New York City Dedicates a Monument to the Alligator Sewer Myth

New York City has recently introduced a new monument that pays tribute to one of the city’s most enduring legends – the presence of alligators in its sewers.

The Union Square Partnership has released a press statement announcing that a life-size alligator wrapped around a New York City manhole cover is now on display at Union Square Park in Manhattan. The bronze statue, created by Swedish artist Alexander Klingspor, is a stunning work of art.

According to the artist’s website, the theme of this artwork revolves around the popular urban legend of the alligator inhabiting the sewers of New York City. As someone who has lived in Manhattan for more than ten years, the artist wanted to pay homage to the city they love by creating a visual representation of this fascinating story.

According to the artist, this piece of art explores two intriguing aspects of our world. Firstly, the human inclination towards creating gods, myths, and legends, which has been a common practice in all civilizations throughout history. Secondly, it highlights our tendency to introduce invasive species by relocating animals from their natural habitats to human environments. As the artist expressed, “This artwork deals with two interesting aspects of our world; our need for gods, myths, and legends much like any other civilization prior to ours, and our habit of creating invasive species by moving animals from their natural habitats to human environments.”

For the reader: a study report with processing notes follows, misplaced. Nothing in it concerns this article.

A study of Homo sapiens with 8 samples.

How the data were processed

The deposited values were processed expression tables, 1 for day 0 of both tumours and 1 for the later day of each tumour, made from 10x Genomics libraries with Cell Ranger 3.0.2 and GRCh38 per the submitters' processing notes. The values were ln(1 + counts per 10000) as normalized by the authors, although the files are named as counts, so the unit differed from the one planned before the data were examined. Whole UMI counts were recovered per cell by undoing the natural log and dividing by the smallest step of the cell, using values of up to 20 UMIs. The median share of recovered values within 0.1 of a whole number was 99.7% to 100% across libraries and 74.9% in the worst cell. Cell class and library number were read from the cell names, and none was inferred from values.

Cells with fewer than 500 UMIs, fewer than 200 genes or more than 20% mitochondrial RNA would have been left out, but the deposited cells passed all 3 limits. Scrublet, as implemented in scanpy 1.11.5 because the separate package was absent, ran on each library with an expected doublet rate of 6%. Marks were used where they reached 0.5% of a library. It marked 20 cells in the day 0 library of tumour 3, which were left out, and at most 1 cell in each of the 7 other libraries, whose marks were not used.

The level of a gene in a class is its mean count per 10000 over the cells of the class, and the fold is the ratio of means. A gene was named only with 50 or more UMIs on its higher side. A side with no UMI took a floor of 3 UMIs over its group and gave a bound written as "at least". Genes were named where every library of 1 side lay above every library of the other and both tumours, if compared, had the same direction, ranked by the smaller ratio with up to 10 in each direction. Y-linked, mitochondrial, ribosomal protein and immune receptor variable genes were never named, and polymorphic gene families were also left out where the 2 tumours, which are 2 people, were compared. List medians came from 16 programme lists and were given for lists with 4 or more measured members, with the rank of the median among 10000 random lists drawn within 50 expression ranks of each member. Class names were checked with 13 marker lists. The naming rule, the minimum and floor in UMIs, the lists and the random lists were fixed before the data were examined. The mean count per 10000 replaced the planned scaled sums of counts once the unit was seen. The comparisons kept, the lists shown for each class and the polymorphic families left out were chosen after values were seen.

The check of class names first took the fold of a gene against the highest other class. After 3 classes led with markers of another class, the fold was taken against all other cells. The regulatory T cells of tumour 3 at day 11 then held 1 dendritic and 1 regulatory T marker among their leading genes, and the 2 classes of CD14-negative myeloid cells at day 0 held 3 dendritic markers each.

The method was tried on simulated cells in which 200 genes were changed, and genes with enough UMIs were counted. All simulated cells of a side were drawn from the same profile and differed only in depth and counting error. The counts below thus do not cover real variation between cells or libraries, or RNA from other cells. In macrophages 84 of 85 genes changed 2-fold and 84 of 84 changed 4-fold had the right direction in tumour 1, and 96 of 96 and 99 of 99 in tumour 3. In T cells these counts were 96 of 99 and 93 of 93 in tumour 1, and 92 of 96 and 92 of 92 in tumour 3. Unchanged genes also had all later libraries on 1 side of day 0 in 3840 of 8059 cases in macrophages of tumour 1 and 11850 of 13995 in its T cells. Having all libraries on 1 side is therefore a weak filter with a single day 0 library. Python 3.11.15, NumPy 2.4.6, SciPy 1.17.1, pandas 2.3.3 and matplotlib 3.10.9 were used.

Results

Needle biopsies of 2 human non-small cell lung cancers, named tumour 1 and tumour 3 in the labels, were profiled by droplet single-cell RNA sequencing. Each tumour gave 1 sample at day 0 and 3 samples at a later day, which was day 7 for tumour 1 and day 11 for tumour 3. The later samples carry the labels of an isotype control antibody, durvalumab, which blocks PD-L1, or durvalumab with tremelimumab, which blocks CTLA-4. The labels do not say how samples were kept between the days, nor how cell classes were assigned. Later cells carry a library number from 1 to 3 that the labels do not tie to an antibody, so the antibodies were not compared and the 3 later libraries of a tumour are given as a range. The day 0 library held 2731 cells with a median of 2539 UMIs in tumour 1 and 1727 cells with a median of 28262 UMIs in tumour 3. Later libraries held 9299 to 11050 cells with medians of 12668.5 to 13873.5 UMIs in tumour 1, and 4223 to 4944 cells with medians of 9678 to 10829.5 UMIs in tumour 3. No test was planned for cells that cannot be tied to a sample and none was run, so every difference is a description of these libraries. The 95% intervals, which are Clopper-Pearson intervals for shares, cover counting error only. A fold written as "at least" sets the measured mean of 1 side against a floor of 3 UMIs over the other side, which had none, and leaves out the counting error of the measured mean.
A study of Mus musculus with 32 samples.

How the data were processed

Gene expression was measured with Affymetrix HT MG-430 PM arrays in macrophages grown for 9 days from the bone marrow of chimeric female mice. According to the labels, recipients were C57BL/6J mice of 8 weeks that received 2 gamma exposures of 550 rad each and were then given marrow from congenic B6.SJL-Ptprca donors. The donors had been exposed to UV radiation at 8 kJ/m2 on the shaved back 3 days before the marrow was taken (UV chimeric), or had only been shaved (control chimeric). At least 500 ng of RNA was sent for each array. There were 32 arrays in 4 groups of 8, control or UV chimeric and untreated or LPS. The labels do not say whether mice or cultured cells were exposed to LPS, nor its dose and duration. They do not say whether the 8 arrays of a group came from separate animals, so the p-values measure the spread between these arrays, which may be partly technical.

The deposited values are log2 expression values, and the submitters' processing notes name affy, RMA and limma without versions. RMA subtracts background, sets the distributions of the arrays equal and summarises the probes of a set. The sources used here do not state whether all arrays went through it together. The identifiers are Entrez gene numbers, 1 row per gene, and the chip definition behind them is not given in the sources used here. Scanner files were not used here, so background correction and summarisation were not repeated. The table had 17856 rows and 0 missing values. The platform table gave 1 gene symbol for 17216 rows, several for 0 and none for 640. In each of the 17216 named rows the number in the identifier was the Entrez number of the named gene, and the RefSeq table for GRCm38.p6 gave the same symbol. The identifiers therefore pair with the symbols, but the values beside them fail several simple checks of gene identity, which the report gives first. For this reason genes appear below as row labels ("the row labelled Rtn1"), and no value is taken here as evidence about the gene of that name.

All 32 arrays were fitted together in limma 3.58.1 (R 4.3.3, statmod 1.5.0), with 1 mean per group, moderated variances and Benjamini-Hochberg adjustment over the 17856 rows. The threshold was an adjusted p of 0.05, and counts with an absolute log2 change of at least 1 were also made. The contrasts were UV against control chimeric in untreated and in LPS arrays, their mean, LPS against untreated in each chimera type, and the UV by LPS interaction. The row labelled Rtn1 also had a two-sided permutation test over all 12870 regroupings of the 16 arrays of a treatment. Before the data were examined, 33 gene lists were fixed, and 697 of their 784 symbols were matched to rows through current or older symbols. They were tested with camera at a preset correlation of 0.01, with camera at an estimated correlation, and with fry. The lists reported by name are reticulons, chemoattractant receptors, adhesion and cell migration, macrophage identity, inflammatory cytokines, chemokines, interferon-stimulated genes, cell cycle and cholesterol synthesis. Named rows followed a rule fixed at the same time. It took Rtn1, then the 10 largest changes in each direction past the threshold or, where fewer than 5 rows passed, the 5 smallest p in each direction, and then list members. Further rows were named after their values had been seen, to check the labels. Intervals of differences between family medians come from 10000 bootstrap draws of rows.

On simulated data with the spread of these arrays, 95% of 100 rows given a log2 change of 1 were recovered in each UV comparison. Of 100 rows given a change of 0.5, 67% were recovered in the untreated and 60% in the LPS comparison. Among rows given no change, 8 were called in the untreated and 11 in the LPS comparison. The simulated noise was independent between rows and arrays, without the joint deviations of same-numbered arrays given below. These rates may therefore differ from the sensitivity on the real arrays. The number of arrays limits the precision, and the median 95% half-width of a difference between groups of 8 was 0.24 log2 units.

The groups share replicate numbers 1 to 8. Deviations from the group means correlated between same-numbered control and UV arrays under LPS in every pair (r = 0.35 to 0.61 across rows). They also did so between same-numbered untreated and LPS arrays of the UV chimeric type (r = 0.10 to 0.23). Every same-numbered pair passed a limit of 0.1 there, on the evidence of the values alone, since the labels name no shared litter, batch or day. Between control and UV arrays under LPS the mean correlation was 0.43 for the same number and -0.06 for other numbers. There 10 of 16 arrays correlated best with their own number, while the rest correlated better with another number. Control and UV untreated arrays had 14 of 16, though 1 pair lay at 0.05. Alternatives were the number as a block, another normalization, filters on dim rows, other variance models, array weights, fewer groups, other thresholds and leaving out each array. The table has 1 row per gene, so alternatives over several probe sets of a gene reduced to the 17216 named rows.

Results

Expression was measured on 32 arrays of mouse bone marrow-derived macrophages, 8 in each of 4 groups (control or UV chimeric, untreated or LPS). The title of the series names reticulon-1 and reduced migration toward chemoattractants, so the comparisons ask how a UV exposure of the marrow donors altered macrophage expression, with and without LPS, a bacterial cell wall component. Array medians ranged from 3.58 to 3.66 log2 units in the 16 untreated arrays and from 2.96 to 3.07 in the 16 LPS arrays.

The Union Square Partnership has appropriately labeled the sculpture as “N.Y.C Legend.” As per their announcement, the artwork will be on display until June 2024.

The collaboration between the New York City Department of Parks and Recreation and the Union Square Partnership resulted in an impressive artwork, as stated in the news release. The project was made possible thanks to the sponsorship of the Swedish Mollbrinks Gallery.

In New York, it’s illegal to own alligators as they go against both state and city laws. These reptiles are cold-blooded and can be usually found in the southeastern parts of the United States, thriving in warmer climates.

Although rare, alligators have been spotted in New York, as was the case earlier this year when a gator was found in a lagoon within Brooklyn’s Prospect Park. Unfortunately, the reptile was discovered to be an escaped pet and despite attempts to save it at the Bronx Zoo, it did not survive.

In the 1930s, The New York Times reported that an alligator had been spotted in the sewage by some youths in Harlem, who had then quickly beaten it to death. This incident is believed to be the origin of the rumors about alligators living in the sewers.